Indonesia issues tsunami warning over Anak Krakatoa eruption
Authorities raised the warning level over the volcano to its second highest level and extended the exclusion zone around the crater.
Volcano Anak Krakatoa is once again worrying Indonesia. After the recent eruption from one of the volcano’s craters the Indonesian meteorological department (BMKG) has raised its risk assessment to level 3, just one below the highest. The highly active stratovolcano is considered one of the most dangerous in the world.
Anak Krakatoa, meaning Child of Krakatoa, is an island volcano that is growing out of the caldera (emptied magma chamber) of the island of Krakatoa and its archipelago, that was destroyed in an almighty eruption in 1883. The new volcano itself erupted and then collapsed in 2018, causing a deadly tsunami, and there has been ongoing activity at the site since.
Exclusion zone extended around Anak Krakatoa
Indonesian authorities have extended the exclusion zone around the volcano to five kilometres, as they aim to take all precautionary measures to protect human life over the volcanic activity occurring at the site, located between the islands of Java and Sumatra, in the Strait of Sonda.
The BMKG has warned populations living on nearby islands of the risk of tsunamis caused by the activity at Anak Krakatoa.
Mask recommendation in place for Anak Krakatoa eruption
Due to the emissions of ash and gases, people living in the vicinity of the volcano have been advised to wear masks.
This is not the first time the volcano has erupted this year. Over the past four months, the crater has seen 21 distinct eruptions. On February 3, there was a phreatic eruption, also known as a steam-blast eruption, when magma heats water, with the heat causes the water to evaporate near-instantaneously, resulting in an explosion of steam, water, rock and ash. In this instance however the explosion did not result in new magma reaching the surface.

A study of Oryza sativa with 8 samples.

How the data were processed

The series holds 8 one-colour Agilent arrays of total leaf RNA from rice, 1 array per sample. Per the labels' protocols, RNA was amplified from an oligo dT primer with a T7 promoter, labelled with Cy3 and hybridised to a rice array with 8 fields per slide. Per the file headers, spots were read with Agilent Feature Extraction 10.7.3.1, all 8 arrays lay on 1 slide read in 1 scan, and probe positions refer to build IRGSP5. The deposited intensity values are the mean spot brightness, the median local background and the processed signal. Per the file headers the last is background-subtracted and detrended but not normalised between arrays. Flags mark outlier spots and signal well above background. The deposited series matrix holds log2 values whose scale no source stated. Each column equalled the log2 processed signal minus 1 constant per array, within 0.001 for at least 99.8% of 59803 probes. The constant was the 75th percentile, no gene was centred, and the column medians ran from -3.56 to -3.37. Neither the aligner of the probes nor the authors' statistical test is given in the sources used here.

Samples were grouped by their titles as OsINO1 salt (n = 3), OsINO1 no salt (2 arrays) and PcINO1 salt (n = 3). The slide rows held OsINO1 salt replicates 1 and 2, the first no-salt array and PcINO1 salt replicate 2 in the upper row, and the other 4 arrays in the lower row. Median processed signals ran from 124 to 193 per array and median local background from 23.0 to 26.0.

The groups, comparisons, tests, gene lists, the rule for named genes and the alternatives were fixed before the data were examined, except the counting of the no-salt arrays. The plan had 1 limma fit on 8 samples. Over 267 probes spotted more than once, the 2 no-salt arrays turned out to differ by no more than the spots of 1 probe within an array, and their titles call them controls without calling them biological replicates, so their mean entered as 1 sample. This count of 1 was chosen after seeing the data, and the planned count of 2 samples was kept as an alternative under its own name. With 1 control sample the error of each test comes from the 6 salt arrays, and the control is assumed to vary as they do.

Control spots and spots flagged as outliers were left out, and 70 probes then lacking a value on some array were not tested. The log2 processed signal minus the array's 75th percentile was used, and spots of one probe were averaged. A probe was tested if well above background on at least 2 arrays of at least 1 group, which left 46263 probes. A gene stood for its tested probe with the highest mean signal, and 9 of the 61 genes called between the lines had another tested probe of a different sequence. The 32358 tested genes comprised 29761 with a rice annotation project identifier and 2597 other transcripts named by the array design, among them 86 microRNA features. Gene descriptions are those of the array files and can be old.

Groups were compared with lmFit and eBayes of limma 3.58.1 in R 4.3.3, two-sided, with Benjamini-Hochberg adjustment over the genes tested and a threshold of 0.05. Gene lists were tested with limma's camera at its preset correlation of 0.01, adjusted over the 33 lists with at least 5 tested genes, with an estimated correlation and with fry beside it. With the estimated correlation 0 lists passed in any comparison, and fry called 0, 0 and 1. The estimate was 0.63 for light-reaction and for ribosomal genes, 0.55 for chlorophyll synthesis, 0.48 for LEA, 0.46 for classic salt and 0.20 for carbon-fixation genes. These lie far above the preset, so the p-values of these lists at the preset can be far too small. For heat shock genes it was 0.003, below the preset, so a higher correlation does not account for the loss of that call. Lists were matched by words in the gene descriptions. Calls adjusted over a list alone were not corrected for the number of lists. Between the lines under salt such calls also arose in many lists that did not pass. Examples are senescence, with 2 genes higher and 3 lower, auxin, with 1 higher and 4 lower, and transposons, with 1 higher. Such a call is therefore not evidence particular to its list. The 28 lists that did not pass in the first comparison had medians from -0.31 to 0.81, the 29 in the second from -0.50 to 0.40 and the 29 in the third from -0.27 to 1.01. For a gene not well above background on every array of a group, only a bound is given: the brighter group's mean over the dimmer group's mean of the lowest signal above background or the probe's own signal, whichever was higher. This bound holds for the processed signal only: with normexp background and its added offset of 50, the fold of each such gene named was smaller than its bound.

In the most recent eruption the volcano emitted a cloud of smoke and ash that reached an altitude of 10,000 feet. The Indonesian Geological Agency has asked both residents and tourists to follow all recommendations issued by experts.
Volcanic activity at the Krakatoa site
In 2018 the eruption and subsequent collapse at the volcano caused a tsunami that killed over 400 people and injured around 14,000, with 40,000 displaced. It affected more than 186 miles of coastline around Sumatra and Java. This is currently the second-deadliest volcanic eruption of the 21st century.
The original destruction of Krakatoa, in 1883, is considered one of the largest ever in modern geological history, exploding with a force of 13,000 atomic bombs of the type dropped on Hiroshima in 1945. The noise of the blast was heard up to 3,500 kilometres away. Over 36,000 people were killed by the explosion, as a consequence of pyroclastic flows, volcanic ash and tsunamis.
Pacific Ring of Fire
Anak Krakatoa is located on the Pacific Ocean’s Ring of Fire, an area of major volcanic and seismic activity, caused by the collision of tectonic plates underneath the boundaries of the Pacific.